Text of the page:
Reading 1: The Great Awakening

Jonathan Edwards, minister of the Congregational Church of Northampton, Massachusetts, wanted to reawaken religious devotion in a society where moral principles seemed to be declining along with church membership, a problem occurring throughout the colonies. In 1734, Edwards led a small revival to "bring the sinful to a knowledge of God and to the experience of spiritual rebirth."¹ Upon hearing Edwards and other ministers preach, audiences felt extreme despair over their sinful behavior followed by a sense of God's forgiveness. Those with a reawakened religious fervor were said to have been saved or "reborn." Over a six-month period there were more than 300 "conversions." Nonetheless, by the end of 1735, this religious resurgence began to die down.

Then George Whitefield, a young, charismatic, English Methodist preacher, began traveling up and down the colonies. Whitefield's unique method of preaching involved dramatically depicting the horrors faced by sinners condemned to Hell. His fearful audiences became hysterical as they realized their sinfulness and their peril. Recognizing their utter dependence on Christ for their salvation, hundreds of members of Whitefield's audience underwent conversion and were reborn. Through his passionate sermons, George Whitefield revived the religious enthusiasm Jonathan Edwards had stirred and helped it to spread.

After preaching in some of Boston's churches, Whitefield went to Northampton, Massachusetts to preach in Edwards' church. The congregation wept and moaned, and Edwards was as taken as his congregation with the dynamic preacher. He and several other ministers, including the young Joseph Bellamy, a minister in Connecticut, spent most of 1741-1742 riding about New England preaching impassioned sermons meant to bring sinners back to the fold of the church. The movement spread throughout the northern and central colonies.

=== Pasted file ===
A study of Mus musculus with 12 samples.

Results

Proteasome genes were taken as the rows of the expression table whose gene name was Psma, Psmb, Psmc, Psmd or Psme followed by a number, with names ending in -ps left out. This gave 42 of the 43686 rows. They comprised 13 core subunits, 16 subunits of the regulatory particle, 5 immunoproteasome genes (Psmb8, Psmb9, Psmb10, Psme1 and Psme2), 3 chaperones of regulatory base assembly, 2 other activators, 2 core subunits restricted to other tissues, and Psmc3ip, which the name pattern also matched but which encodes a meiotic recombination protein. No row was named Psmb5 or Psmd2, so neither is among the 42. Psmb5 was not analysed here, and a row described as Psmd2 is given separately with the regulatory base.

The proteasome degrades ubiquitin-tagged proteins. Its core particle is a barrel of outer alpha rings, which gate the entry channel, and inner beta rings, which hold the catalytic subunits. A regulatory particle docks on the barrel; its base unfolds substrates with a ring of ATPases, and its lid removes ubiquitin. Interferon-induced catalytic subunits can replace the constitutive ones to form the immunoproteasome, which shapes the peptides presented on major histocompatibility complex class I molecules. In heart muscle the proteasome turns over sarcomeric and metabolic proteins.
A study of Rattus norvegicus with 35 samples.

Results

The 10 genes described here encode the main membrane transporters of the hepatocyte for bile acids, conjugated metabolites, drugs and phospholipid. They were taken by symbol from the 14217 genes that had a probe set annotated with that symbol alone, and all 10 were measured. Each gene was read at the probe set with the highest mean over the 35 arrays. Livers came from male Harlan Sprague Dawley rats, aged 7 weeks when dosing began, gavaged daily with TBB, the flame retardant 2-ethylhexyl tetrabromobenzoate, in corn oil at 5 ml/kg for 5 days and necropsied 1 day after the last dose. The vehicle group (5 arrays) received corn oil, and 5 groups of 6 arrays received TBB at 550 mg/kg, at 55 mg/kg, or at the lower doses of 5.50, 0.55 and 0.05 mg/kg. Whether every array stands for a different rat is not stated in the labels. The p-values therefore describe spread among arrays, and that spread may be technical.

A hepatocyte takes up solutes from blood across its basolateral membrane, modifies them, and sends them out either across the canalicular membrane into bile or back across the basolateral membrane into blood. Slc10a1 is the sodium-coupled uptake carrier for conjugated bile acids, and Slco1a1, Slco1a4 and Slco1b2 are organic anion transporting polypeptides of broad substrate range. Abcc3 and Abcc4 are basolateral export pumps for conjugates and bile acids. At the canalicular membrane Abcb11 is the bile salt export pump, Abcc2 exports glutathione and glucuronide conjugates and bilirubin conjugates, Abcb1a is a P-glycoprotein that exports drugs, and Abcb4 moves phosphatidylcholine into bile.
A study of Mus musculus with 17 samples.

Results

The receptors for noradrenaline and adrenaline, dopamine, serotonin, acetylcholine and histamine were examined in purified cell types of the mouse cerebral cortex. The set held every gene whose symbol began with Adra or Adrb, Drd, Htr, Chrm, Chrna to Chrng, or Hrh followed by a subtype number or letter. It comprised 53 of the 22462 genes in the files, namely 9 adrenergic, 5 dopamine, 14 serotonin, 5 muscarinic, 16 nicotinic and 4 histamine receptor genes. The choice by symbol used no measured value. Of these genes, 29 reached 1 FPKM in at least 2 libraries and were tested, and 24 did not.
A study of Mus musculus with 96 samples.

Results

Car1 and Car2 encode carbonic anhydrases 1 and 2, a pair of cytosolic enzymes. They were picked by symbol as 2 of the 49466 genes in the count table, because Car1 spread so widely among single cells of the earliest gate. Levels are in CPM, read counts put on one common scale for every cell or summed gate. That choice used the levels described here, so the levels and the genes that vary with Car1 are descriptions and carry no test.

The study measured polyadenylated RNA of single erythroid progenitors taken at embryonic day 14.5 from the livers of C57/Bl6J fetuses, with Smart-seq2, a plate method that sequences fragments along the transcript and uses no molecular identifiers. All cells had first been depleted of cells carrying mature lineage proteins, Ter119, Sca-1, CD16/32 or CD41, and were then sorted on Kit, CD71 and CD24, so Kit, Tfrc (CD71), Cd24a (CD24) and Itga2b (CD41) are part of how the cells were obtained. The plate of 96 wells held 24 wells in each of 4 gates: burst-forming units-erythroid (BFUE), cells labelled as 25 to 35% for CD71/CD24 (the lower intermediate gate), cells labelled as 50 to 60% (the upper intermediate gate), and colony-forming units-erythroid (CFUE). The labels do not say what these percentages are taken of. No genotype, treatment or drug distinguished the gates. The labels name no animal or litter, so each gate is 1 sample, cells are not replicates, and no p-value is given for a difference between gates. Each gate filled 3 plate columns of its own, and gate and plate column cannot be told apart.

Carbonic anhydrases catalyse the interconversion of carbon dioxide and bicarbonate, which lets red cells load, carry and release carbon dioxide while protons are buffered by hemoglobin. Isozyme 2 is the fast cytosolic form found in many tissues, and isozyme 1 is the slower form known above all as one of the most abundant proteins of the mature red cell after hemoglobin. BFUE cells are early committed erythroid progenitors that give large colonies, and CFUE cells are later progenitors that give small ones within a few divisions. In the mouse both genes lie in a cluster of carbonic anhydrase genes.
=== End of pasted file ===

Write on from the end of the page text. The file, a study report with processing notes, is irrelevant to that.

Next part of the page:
The Great Awakening, as this period of religious resurgence came to be called, appealed to all levels of society, but particularly to the common man. Instead of sitting in a meeting house with a local congregation listening to a highly intellectual sermon, worshippers stood in open fields filled with thousands of other people to hear sermons preached in emotional and simple language. For people who led lives based on hard work and sincere worship, these were profound religious experiences.

Questions for Reading 1

1. What problems with the Congregational Church troubled Jonathan Edwards? What action did he take to solve these problems?

2. Who was George Whitefield? How did he inspire a religious revival in the American colonies?

3. What was the Great Awakening? How did it appeal to common people?

Reading 1 was compiled from Bernard Bailyn, Robert Dallek, et al. The Great Republic, Vol. 1 (Lexington, MA: D.C. Heath and Company, 1992); James A. Henretta and Gregory H. Noble, Evolution and Revolution (Lexington, MA: D.C. Heath and Company, 1987); and general references on the Great Awakening.

¹Bernard Bailyn, Robert Dallek, et al. The Great Republic, Vol. 1 (Lexington, MA: D.C. Heath and Company, 1992), 169-70.